Posted by on May 30, 2017 8:15 am

Authored by Andrei Akulov via The Strategic  Culture Foundation,

Putting together the bits of information coming from various sources leads to the conclusion that a US pre-emptive strike against North Korea is a possibility that may turn into reality pretty soon. Everyone knows it’s fraught with implications and nobody wants it but there is a good reason to believe it’s coming closer.

North Korean leader Kim Jong Un has supervised the test of a new anti-aircraft weapon system and ordered its mass production and deployment throughout the country. It took place after Pyongyang conducted a second missile test within a week, sending a medium-range ballistic missile into the waters off its east coast on May 21. North Korea said the test was a success and the weapon could now be mass-produced. If a strike to knock out the nuclear and ballistic missile program infrastructure is planned, it would better be delivered before the air defense systems are in place.

North Korea’s missile program is progressing faster than expected, South Korea’s defense minister said on May 16, after the U.N. Security Council condemned the launch of a new long-range missile and demanded Pyongyang halt weapons tests. North Korea has defied all calls to rein in its nuclear and missile programs, including from Russia and China. The country’s leadership openly states that it has been working to develop a nuclear-tipped missile capable of striking the US mainland, and the recent tests are steps toward that aim. North Korea has conducted five nuclear tests so far, including two last year.

During the US-China summit at Mar-a-Lago estate, Florida, in early April, Chinese President Xi Jinping asked US President Donald Trump for a 100-day grace period to deal with North Korea’s military provocations. The May 21 launch cast doubts on the efficacy of the measures taken. The 100-day period would end around the time the G20 summit is held in Germany on July 7-8 with the problem of North Korea high on the agenda. The US and China’s leaders will tackle the burning issue on the sidelines of the event.

Meanwhile, a third US aircraft carrier, the USS Nimitz, will be deployed by Washington in the Western Pacific Ocean in order to join two US warships, stationed near the shores of the Korean Peninsula in the light of the crisis. USS Nimitz will join USS Carl Vinson and USS Ronald Reagan in the area. Three carrier groups out of eleven is a huge force to be deployed only for a large-scale operation coming soon.

The US is to conduct another test of its Ground-Based Midcourse Defense (GMD) system to shoot down an intercontinental ballistic missile (ICBM) simulating a North Korean ICBM aimed at the US The military has used the Ground-Based Midcourse Defense (GMD) system to intercept other types of missiles, but never an ICBM.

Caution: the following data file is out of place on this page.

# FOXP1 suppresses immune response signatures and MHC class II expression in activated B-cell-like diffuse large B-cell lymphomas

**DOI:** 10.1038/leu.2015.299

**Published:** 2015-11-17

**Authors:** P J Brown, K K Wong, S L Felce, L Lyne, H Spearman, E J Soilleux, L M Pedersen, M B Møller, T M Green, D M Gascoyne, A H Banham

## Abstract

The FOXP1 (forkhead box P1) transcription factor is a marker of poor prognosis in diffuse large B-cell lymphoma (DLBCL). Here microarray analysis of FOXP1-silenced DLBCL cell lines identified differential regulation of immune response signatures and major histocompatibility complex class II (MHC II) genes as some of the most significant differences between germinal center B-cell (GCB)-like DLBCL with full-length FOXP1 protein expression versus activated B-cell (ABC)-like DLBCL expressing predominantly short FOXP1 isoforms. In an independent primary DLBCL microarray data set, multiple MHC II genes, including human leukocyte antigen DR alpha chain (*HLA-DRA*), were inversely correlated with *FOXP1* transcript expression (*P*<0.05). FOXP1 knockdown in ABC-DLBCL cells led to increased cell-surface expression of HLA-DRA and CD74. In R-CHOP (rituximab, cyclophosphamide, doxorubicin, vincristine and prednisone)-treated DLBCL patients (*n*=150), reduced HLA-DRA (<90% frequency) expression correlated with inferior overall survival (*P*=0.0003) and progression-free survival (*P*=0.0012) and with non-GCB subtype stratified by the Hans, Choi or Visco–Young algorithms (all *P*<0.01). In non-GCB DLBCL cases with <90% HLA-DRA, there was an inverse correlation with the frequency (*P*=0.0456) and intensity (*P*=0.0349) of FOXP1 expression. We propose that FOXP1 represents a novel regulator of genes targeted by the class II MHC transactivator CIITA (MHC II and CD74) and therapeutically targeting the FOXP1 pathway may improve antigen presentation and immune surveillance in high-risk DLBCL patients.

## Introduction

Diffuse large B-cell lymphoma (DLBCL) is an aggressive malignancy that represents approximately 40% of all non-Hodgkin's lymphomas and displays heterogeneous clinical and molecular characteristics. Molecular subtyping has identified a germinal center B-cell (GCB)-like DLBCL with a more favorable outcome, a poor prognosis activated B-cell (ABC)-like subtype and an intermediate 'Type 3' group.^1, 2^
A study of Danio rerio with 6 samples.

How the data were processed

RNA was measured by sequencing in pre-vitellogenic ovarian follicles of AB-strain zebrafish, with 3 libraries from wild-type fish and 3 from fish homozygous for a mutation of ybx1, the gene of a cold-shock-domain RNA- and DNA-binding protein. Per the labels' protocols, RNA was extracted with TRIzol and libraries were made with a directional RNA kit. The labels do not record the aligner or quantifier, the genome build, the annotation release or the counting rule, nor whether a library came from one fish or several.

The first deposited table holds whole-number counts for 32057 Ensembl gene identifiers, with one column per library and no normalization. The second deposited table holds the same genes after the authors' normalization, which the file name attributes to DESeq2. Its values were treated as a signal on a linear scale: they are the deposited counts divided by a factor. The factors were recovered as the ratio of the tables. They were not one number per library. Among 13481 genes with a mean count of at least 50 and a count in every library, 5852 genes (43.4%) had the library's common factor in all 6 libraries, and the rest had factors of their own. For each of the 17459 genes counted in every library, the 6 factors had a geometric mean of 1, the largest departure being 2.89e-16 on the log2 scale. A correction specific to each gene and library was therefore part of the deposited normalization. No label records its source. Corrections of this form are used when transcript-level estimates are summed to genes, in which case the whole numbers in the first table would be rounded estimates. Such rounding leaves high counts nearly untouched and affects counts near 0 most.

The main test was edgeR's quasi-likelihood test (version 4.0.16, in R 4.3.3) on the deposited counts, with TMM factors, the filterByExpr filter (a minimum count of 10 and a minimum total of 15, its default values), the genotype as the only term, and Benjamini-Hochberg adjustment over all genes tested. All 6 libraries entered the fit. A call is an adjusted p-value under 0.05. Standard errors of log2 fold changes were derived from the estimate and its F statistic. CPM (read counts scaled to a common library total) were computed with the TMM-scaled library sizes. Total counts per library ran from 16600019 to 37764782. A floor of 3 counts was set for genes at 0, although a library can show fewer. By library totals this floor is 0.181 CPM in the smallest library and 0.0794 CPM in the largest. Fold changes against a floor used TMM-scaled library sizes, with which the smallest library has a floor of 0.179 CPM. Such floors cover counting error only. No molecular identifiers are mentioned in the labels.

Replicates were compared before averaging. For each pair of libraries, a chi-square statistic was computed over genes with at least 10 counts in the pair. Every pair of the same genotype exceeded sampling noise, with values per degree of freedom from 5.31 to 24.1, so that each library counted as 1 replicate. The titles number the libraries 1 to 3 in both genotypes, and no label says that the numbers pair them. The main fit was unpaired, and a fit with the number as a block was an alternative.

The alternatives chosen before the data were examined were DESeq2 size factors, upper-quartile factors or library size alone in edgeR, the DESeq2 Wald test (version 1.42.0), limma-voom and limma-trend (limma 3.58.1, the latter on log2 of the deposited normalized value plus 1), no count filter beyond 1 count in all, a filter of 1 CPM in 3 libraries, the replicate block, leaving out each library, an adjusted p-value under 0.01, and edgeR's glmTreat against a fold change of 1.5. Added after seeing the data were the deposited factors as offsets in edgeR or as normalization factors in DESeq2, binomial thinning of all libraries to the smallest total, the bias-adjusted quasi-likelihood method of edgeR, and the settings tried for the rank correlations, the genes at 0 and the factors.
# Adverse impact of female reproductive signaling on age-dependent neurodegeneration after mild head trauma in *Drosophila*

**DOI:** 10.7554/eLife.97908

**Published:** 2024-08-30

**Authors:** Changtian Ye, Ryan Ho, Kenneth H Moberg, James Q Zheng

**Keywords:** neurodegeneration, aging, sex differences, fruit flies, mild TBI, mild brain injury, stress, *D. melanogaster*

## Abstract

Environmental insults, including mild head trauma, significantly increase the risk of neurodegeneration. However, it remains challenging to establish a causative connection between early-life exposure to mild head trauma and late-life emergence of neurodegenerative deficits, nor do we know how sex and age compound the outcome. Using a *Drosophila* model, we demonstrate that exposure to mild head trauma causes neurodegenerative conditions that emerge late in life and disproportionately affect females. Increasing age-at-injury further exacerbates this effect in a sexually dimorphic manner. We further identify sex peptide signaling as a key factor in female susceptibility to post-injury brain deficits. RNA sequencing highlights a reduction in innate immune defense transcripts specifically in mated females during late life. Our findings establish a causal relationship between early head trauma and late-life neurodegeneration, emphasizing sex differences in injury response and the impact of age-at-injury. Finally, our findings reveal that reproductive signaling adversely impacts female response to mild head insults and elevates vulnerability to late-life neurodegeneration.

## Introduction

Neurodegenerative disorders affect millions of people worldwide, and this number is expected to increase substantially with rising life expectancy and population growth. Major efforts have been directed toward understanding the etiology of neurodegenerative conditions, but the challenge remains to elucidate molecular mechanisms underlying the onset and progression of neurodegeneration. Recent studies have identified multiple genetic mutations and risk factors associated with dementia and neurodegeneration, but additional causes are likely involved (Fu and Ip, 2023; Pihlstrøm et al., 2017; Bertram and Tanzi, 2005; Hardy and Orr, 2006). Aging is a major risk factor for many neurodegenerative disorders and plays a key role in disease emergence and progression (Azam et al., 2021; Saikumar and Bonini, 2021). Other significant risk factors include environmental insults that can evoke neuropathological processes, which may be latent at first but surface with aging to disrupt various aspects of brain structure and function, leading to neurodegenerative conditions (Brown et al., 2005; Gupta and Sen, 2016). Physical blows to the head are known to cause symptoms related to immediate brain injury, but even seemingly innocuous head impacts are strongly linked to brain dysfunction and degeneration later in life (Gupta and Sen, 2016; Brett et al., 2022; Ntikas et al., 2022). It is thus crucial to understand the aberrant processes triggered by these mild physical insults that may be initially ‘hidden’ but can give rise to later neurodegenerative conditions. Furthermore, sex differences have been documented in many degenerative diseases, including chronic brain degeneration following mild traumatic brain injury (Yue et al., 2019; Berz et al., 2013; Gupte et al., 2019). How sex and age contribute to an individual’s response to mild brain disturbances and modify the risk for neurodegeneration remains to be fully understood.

Finally, it has been recently revealed that the US military has moved two nuclear submarines towards North Korea. President Trump was likely referring to an Ohio-class guided missile submarine (SSGN), the USS Michigan, which made an official port call in Busan, South Korea on April 25, and the Los-Angeles-class attack submarine (SSN) USS Cheyenne, which visited Sasebo, Japan on May 2 as part of its regional deployment. The US Navy on average is deploying up to ten Los-Angeles, Seawolf, or Virginia-class attack submarines worldwide on any given day.

Michigan is used for first strike missions. It is one of four Ohio strategic subs (SSBNs) converted to only fire conventional Tomahawks instead of nuclear ballistic missiles. The boat carries a massive load of 154 land attack cruise missiles. On top of that, Michigan carries the Dry Deck Shelter, which allows it to deploy special operations forces and their swimmer delivery vehicle mini-subs. Cheyenne is a Los Angeles-class attack submarine, which routinely accompanies carrier groups. It can fire Tomahawks.

Trump has said «a major, major conflict» with North Korea is possible because of its nuclear and missile programs and that all options are on the table. On May 19, US Defense Secretary Jim Mattis expressed a cautious stance toward immediate military action against North Korea.

The US president is under assault from all sides. The possibility of his impeachment is openly discussed in media and Congress. According to Politico, Conservatives begin to whisper: President Pence.

Donald Trump knows that military actions are an effective tool to hike ratings. The president saw a bump in his own poll numbers after the cruise missile strike in Syria he ordered on April 7. His approval rating jumped from 34 percent up to 42 percent. It leaped from 42 to 50 percent after the «Mother of all bombs» was used on April 13 against Islamic State positions in Afghanistan. The public support has dramatically slid down to roughly 38 percent since then. The president is in a pinch. Something needs to be done immediately to rectify the situation.

The trend is worrisome and the best tried-and-true way to reverse it is a short victorious war. True, it’s a great risk. But bombing one’s way to popularity may happen to be a temptation impossible to resist. A sixth North Korean nuclear test or test-fire of an intercontinental ballistic missile may prompt the action even before the 100 days «grace period» is over. The forces are there and poised. They cannot be in high alert stand-by mode too long. While the world public attention is riveted to Syria, a large-scale military conflict with terrible consequences may spark anytime and the probability is very high.